Face of Defense: Wrecker Operator Trains Fellow Soldiers
By Army Staff Sgt. Erica Knight
108th Public Affairs Detachment
GREENVILLE, S.C., Nov. 5, 2013 Army Sgt. Derrick Dewalt, the main wrecker operator for the South Carolina National Guard’s 1055th Transportation Company based in Laurens, S.C., has participated twice in the Operation Palmetto Lightning winter storm response exercise.
Army Sgt. Derrick Dewalt adjusts a panel on the medium tactical vehicle controls during the Palmetto Lightning exercise in Greenville, S.C., Nov. 2, 2013. Palmetto Lightning is an exercise that tests the South Carolina National Guard's ability to respond to winter storms and assist local law enforcement agencies. U.S. Army photo by Staff Sgt. Erica Knight
(Click photo for screen-resolution image);high-resolution image available.
“The biggest change in my 15 years is the newer vehicles,” said Dewalt, who has been an operator with the 1055th since 2008.
In last year’s Palmetto Lightning exercise, the Guardsmen used the M984 heavy expanded mobility tactical truck to tow vehicles. Two of the three companies participating in this year’s exercise in Greenville were working with the new medium tactical vehicle.
“This is our first drill with the MTV. The exercise is a chance for our guys to get hands-on learning,” Dewalt said. “The guys are doing pretty good for the first time seeing the truck.”
The two vehicles perform the same function, but their controls are very different, Dewalt said, noting that he’s had to learn the controls on both to teach his soldiers.
“I need to be proficient so I can teach them to be proficient,” he said. “I have to be able to explain it by the technical manual, not just what I think is right.”
Using the right procedures out of the training manual is critical, Dewalt said, but he noted that there are other places to go for help on the MTV.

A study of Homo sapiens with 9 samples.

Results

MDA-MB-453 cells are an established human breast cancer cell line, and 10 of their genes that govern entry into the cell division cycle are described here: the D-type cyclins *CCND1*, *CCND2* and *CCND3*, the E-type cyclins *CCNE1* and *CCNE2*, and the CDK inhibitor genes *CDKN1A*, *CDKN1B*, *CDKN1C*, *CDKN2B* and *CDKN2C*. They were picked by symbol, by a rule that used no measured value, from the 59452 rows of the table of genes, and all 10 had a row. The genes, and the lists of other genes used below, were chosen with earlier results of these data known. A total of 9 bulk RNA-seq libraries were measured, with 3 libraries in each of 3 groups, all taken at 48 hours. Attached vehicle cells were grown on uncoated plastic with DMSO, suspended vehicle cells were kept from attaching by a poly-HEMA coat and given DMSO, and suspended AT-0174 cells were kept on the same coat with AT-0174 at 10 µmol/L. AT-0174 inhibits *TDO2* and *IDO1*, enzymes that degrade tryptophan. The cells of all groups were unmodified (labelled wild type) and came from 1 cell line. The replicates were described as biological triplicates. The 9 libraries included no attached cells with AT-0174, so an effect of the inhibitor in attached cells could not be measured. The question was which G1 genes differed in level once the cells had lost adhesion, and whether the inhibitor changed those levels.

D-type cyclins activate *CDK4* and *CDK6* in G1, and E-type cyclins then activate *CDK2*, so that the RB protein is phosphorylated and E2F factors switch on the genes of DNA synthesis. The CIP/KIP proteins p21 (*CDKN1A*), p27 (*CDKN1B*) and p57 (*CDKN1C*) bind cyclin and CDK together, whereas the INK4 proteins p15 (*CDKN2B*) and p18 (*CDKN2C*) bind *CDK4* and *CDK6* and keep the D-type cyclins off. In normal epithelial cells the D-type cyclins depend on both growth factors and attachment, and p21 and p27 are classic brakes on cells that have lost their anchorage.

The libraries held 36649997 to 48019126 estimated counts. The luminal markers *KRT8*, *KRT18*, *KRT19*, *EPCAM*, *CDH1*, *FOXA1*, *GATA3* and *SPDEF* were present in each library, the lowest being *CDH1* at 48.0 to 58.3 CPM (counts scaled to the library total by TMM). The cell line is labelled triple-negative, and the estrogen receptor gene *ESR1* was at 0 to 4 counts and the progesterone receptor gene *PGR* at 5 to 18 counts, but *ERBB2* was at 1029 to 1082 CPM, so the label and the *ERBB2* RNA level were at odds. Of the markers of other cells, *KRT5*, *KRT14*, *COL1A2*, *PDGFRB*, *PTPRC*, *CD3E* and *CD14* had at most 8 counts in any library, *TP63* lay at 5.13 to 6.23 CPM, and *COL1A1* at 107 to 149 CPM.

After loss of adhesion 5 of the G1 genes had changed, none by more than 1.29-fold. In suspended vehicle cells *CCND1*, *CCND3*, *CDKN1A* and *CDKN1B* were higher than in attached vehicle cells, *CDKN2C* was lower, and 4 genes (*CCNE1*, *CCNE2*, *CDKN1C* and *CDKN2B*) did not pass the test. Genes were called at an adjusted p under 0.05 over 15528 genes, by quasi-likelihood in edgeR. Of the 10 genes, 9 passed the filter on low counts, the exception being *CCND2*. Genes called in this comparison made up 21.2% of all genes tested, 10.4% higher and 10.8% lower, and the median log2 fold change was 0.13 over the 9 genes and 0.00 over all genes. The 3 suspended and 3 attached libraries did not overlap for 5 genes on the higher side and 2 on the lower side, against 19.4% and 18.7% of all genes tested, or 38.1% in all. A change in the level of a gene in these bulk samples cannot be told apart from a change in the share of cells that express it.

“The MTV has a chart on the side that shows what hookup to use for each vehicle,” he said. “It makes it easier, not to run to the [manual].”
Dewalt gained much of his experience as a technician at Field Maintenance Shop 2 in Greenville. Every day, he said, he gets to tear things down and put them back together, learning what different parts should look and sound like. This, he explained, helps him have an understanding of what can possibly be wrong with a vehicle.
When it comes to training soldiers, he added, his daily work shapes his philosophy.
“I try to stand back and let them do it. I already do it every day,” he said. “We can go through the manual all day, but if I can’t get them on the truck to get a feel for right or wrong, they’ll never learn.”
That is what makes training events such as Palmetto Lightning so important, Dewalt said.
“My advice to anyone interested in a mechanical field is that they have to be willing to learn, because it changes,” he said. “It doesn’t get easier.” But even with all the changes, he added, he wouldn’t give up his maintenance job for anything.
“I love my job,” he said. “I love mechanical work, and I love teaching new soldiers.”